Thursday, March 26, 2009

Mark Bittman calls Ketchup a real Ingredient

In today's New York Times Mark Bittman makes a version of Ramen with Ketchup.

The following are my thoughts on this.

OK sure you want to make a cheap, quick, easy recipe with things you have around the house. Maybe it's semantics, but I don't think condiments are "real ingredients", I think they are, um, well, condiments. Real ingredients to me are scallions, which he does use as a last minute garnish, and the noodles. He points out that often there is no egg in the egg noodles it's usually just coloring, wouldn't it maybe be a good idea for him to say: "try and find noodles with real ingredients in them, not just food coloring?"

Or offer an option?

One person in the comments section says she replaces them with soba, which I think is a great idea and they are easy to find in healthy version i.e. organic.

Don't get me wrong I like Mark Bittman I just think he wasn't thinking on this one. Or I am crazy and obsessed, but I see no reason to promote food products that are knowingly bad for you. If, indeed we are having a food revolution as the Times just last week talked about how is it that they are still telling people with authority to use ketchup without saying: "buy the organic one made with cane sugar." I mean how hard can that be? Yet again and again it happens. We get all up everyone's butt about buying local and doing all these other potentially esoteric things yet some thing really simple and basic like encouraging the general public to use a good ingredient like tomato past, which to his credit he mentions in the text of the article, but not in the video. Why he even include the ketchup? Why not just use a real ingredient like tomato paste or a small can of crushed tomatoes? I don't get it, we need to change the way we eat and think about food, not coddle people into think that it's still OK to use the same old bad condiments and expect a different result.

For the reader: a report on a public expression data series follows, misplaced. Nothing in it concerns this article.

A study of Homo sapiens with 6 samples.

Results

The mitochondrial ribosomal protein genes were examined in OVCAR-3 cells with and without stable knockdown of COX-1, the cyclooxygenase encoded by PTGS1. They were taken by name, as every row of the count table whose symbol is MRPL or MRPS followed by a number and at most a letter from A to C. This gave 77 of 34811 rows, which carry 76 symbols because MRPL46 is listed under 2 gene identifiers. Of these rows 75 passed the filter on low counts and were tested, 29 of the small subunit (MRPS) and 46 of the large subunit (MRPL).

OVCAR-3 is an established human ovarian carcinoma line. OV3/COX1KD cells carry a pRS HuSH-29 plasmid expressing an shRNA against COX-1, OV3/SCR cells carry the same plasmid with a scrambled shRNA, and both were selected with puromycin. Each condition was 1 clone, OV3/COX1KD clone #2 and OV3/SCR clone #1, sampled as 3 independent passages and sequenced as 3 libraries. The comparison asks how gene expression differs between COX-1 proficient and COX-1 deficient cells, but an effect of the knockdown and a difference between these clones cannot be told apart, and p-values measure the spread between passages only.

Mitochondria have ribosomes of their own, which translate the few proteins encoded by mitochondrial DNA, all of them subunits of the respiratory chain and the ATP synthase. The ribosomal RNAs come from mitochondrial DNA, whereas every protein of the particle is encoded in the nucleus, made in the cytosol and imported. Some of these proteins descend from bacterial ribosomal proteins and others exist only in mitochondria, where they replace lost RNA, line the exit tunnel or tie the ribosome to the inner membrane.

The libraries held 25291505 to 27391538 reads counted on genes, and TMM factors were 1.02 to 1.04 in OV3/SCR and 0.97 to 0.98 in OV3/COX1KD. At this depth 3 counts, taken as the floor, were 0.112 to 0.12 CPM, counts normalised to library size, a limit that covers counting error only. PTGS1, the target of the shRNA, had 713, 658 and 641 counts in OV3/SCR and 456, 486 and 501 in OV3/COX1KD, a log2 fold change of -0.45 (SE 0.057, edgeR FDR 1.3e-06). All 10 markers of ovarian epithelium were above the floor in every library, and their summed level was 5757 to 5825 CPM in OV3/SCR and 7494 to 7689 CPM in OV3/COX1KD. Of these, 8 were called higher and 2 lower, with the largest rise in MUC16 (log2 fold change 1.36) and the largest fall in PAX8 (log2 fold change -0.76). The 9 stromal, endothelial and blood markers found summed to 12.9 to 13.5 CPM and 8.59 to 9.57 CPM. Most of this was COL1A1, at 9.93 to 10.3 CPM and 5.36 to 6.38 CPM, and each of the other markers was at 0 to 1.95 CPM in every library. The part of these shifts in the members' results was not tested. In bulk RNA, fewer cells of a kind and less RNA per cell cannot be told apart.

Here's what I wrote the Times:

In Mark Bittman's video, "Egg Noodles in Soy Broth", he claims to make ramen with "real" ingredients. In reality he uses conventional ketchup and fails to mention that this condiment in it's non-organic version contains high fructose corn syrup which is genetically modified. It's easy to chart the sharp upward trend in obesity and diabetes in this country to Nixon's corn subsidies and the coinciding laboratory discovery of how to make high fructose corn syrup. High fructose corn syrup has devastating affects on our health. The impact of genetically modified crops of all kinds have proven to have disastrous effects on our planet. To have the New York Times food guy centering a dish around such a non-food, one that has created an epidemic of obesity, is irresponsible and dangerously misleading.